The English word "church" is so problematic that I never use it. It has been used in various senses, but I think the accusation that I "neglect the church" arises from confusion between the following senses.
(#1) Renewed mankind. The New Testament word is ekklesia. Christians constitute ekklesia in all their activities.
"To the ekklesia in Corinth, [that is], to those sanctified in Christ."
1 Cor 1:2. (Here ekklesia is given its full scope.)
(#2) Christians gathered en masse. The N.T. authors only mention this a few times. They use no special word to distinguish it from other manifestations of the ekklesia, but the context shows the distinction. Such gatherings play a major role in Christian life, but this includes industrial enterprise, university or artistic association; all these, if pursued by God's friends and kept pure from his foes, are ekklesia, and none of them has the sole right to be called ekklesia.
"It is better, when assembled [in ekklesia] to speak ..." (followed by advice on what is most helpful in that setting, which differs from what is most suitable on other occassions)
1 Cor 14:19. (There is no suggestion that there is no ekklesia between meetings. The new humanity is always ekklesia, as the previous quotation shows.)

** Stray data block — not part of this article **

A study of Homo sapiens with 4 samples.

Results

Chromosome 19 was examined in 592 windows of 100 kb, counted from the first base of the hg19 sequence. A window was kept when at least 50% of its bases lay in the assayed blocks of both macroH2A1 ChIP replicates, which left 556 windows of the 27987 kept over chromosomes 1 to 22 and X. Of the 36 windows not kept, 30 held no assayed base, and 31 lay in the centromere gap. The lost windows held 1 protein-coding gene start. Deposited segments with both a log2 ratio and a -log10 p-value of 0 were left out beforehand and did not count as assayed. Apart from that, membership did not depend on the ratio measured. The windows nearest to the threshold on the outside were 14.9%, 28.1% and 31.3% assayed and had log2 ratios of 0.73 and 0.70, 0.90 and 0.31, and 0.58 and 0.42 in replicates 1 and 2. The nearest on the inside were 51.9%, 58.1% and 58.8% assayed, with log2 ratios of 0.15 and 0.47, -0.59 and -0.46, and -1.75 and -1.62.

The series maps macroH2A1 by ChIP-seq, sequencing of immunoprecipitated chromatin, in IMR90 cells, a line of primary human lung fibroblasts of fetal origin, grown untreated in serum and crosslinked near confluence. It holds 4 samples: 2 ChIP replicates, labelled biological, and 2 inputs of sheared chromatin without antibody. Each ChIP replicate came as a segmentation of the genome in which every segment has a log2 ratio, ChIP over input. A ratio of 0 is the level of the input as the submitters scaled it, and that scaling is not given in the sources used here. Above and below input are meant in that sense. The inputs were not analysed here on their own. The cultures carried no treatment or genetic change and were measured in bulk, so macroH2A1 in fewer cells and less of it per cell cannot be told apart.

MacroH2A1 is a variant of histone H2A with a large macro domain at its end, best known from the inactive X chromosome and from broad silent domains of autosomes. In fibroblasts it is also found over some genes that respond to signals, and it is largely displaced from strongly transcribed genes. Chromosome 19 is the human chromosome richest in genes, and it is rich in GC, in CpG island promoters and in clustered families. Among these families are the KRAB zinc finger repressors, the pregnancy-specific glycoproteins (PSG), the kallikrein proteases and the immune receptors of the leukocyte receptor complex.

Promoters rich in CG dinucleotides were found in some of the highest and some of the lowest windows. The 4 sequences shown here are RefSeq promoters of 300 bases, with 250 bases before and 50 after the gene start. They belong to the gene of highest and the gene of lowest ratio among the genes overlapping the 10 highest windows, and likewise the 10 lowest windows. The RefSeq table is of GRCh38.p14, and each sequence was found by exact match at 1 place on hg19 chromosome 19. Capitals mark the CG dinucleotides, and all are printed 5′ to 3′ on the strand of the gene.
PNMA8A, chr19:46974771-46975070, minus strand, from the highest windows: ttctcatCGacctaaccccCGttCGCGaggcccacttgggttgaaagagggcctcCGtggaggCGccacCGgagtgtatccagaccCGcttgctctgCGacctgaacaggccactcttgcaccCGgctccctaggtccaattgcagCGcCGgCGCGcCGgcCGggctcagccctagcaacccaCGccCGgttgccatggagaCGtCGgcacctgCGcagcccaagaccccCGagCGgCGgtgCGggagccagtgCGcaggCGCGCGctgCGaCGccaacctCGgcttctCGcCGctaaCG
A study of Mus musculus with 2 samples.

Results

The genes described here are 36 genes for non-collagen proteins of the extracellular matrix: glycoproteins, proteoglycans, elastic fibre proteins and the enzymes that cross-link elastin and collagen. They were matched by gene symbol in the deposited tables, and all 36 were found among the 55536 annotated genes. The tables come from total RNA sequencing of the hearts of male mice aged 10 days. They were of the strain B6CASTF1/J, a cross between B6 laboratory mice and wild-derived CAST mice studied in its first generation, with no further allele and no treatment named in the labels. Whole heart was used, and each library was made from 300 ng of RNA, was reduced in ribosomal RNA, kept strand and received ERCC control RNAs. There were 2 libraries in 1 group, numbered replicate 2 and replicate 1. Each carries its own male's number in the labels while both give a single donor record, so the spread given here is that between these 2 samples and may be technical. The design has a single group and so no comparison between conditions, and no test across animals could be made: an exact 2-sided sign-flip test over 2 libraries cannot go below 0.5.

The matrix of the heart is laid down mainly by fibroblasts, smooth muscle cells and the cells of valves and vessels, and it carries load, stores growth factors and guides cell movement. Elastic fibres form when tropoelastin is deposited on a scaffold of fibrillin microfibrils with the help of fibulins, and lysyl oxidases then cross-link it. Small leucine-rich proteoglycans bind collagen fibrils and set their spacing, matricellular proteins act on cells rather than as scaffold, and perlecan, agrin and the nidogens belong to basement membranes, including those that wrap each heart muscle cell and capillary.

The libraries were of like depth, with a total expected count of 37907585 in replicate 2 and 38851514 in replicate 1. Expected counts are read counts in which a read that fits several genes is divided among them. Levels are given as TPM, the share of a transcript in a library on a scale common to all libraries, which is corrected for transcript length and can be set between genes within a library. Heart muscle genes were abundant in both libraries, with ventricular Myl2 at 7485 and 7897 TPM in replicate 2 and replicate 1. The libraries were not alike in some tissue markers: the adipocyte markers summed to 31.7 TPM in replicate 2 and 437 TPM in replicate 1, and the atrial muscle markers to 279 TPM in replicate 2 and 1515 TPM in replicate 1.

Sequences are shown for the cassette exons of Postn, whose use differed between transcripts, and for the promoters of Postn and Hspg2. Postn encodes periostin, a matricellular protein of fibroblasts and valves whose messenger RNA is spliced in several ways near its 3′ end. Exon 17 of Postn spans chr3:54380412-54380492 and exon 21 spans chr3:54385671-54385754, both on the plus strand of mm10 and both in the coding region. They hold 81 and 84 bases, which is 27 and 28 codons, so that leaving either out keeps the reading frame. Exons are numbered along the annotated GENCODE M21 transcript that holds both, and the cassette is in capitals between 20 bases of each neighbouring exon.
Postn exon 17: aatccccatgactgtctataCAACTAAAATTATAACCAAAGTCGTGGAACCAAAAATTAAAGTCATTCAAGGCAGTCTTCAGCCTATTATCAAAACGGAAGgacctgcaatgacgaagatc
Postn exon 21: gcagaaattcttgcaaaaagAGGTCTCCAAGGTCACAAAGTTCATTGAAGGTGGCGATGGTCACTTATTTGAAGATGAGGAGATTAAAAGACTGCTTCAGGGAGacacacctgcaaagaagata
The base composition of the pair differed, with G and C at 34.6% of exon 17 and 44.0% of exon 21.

(#3) Christians gathered to express reverence. The N.T. never mentions this, as there was no such differentiation at that early stage; every gathering was multi-purpose. The reverence group is only one field of activity among others; an important one I think, but ideas about it should not be elevated into basic beliefs.
(#4) A place for Christian gatherings. There is no N.T. word, because the ekklesia met in folks' houses not in special places, and because even if they hoped eventually to have special places it was evidently well down their priorities list. Whether or not to have dedicated buildings I regard as a matter of mere expediency, certainly not of basic belief.
Etymology. The word church comes from the Greek stem kuriak ("of the lord") which was used by early Christianoids of objects and practices that they regarded as pertaining to Christ. Thus "the lord's house", "the lord's day" (what we call Sunday) or "the lord's prayer" might be called kuriak. Presumably they used this word because there was no corresponding New Testament word, overlooking or disregarding the very good reason for that void, namely that real Christianity recognises folk, not things, as holy. In this matter at least, they continued after conversion to practise paganism rather than Christianity. For the lord's folk, however, there was a N.T. word, ekklesia, and this remained in use. But by the time the Bible began to be rendered in English, the practice had arisen of also calling the lord's people "church". Wycliffe wisely rendered ekklesia as "assembly" but Tyndale (author of the first printed English Bible) used "church", as did subsequent translators including King James's men.
Back to Humanity's Unchanging Task (3).